No matter the size of your practice, cybersecurity incidents can have devastating and long term impacts. Every medical practitioner must be proactive, stay alert and be prepared in the event of a network security or cyber breach.
Below are the three most common types of cyber threats.
Malicious Software (Malware)
Malware is a generic term for malicious software including viruses, spyware, trojans and worms.
It has the power to gain access to important information such as medical records, private information, bank or credit card numbers and passwords. Cyber Criminals who utilise malware can be anywhere in the world.
To protect yourself against Malware, automatically update your operating system as well as your software applications. It is also essential to regularly back up your practice data.
Scam Emails (Phishing)
Pronounced ‘fishing’, they are emails from individuals or organisations you ‘think’ you know. They mimic phrasing, branding and logos to appear ‘real’, before conning users to click on a link or attachment. Here, they defraud users by asking them to provide or confirm their personal information, such as passwords and credit card numbers, or to pay a fake account. They can also send an attachment, designed to look genuine, with malware inside.
Phishing emails are typically sent to thousands of people. Even if only a small percentage of recipients fall for the scam, they can net significant data and sums of money. Phishing scams are not limited to emails. They are increasingly sophisticated and harder to spot and can be found in SMS, Instant Messaging and Social Media.
To protect yourself against Phishing be cautious of:
- Requests for money, especially if urgent or overdue
- Bank account changes
- Requests to check or confirm login details.
First of all, never pay a ransom. Most ransoms that are paid still do not give those attacked access to their computer files and programs. Ransomware attacks are typically carried out via a malicious but legitimate looking email link or attachment. When downloaded or opened, most ransomware encrypts a user’s files, then demands a ransom to restore access – typically payable using cryptocurrency, like Bitcoin.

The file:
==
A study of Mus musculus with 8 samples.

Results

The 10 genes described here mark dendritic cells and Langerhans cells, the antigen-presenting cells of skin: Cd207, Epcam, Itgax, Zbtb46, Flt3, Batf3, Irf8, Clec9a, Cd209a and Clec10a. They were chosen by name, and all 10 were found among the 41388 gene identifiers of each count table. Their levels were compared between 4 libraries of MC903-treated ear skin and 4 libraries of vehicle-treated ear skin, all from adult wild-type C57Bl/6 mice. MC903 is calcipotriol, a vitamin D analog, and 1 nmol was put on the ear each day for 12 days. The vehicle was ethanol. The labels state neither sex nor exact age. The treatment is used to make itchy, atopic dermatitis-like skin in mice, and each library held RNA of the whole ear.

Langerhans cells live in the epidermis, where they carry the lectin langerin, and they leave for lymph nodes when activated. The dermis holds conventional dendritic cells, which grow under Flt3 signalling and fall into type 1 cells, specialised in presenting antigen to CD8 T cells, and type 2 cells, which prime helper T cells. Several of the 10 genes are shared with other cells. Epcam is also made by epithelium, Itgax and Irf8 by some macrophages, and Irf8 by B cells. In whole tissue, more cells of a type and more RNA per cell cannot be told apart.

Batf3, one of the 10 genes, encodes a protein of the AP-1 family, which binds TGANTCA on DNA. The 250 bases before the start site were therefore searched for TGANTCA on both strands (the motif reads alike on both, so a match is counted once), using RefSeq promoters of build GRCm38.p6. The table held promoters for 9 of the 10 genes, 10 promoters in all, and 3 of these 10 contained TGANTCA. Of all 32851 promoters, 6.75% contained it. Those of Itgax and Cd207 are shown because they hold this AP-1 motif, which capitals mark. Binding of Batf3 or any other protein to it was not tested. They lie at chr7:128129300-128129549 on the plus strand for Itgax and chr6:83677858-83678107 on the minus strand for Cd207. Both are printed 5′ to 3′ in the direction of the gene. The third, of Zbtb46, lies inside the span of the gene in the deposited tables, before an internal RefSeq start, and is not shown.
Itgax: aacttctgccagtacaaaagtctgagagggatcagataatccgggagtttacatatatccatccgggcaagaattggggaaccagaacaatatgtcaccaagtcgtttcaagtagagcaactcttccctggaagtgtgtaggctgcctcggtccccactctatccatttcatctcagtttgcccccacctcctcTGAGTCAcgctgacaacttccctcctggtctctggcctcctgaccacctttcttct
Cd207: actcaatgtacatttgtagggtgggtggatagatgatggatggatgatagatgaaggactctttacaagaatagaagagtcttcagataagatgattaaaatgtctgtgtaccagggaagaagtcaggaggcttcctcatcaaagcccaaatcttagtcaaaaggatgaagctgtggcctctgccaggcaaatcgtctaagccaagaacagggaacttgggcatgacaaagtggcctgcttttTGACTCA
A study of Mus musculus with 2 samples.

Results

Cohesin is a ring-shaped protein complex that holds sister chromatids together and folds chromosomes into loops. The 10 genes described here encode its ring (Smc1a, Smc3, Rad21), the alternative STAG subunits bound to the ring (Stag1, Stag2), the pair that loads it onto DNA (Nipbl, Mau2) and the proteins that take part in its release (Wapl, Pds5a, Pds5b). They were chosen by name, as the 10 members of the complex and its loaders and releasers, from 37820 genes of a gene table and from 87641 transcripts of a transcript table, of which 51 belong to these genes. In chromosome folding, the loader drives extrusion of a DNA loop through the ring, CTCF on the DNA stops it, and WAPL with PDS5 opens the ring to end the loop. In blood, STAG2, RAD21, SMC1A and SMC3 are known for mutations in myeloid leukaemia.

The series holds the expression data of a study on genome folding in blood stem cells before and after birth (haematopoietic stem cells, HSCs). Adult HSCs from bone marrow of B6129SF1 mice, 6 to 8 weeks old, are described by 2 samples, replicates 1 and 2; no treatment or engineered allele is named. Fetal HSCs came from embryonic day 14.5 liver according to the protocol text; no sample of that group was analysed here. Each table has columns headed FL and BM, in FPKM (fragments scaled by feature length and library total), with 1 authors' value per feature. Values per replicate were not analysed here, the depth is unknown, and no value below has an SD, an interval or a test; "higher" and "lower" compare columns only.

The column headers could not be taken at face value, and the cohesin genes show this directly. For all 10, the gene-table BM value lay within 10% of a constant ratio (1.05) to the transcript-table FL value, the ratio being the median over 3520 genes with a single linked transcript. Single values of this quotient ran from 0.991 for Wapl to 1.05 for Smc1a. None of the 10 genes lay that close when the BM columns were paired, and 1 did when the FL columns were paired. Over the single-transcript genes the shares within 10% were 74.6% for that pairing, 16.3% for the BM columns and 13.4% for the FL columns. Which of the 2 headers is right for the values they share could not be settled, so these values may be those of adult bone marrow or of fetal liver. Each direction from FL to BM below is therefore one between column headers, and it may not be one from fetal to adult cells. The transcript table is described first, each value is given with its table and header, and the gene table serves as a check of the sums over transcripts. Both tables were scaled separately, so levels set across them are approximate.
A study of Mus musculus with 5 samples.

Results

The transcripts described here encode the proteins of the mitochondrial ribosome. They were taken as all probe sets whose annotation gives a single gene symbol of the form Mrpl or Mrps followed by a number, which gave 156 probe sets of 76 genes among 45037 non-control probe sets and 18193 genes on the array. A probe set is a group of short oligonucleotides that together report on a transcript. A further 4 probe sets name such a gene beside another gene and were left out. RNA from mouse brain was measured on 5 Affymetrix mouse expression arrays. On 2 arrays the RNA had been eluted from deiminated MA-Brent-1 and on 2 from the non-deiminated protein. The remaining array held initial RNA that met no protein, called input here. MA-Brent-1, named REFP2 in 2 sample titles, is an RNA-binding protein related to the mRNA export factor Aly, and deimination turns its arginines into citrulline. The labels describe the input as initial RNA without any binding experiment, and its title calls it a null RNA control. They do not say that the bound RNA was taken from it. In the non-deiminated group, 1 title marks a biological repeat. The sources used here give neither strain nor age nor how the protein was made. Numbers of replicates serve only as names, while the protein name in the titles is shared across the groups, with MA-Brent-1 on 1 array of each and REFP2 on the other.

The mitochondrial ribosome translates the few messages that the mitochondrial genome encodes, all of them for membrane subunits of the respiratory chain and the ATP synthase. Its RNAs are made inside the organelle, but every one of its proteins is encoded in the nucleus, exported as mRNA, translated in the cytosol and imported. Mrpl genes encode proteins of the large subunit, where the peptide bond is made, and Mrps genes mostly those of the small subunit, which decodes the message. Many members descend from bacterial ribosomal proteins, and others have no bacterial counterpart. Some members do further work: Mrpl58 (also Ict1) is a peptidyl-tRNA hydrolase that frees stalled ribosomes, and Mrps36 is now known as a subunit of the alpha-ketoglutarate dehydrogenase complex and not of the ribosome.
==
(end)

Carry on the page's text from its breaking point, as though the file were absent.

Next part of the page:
Ransom is an age-old and effective crime that is now being committed digitally online. Ransomware offers cyber criminals a low-risk, high-reward income. It is easy to develop and distribute. Many small businesses are often less security conscious, are less likely to implement cyber security measures, and spend less on cyber security measures.
Again the best defense is to:
- Regularly update your operating systems
- Update your software
- Backup your business files and data
Tego Protects your Practice
The Tego Insurance team (with experts in medical indemnity insurance Australia and medical malpractice insurance) can help guide medical practitioners and practices with the appropriate insurances to protect your practice and your patients data against cyber threats.
We offer medical indemnity insurance, doctors indemnity insurance, GP medical indemnity insurance, medical practice insurance, medical malpractice insurance and more.
With cyber attacks on the rise, you need to protect not only your patients rights and wellbeing, but also your practice and livelihood. Our experts provide leading cover with more choice, innovation and greater flexibility.
This publication is general in nature and is not comprehensive or constitutes legal or medical advice. You should seek legal, medical or other professional advice before relying on any content, and practice proper clinical decision making with regard to individual circumstances. Persons implementing any recommendations contained in this publication must exercise their own independent skill or judgment or seek appropriate professional advice relevant to their own particular practice. Compliance with any recommendations will not in any way guarantee discharge of the duty of care owed to patients and others coming into contact with the health professional or practice. Tego Insurance Pty Ltd is not responsible to you or anyone else for any loss suffered in connection with the use of this information.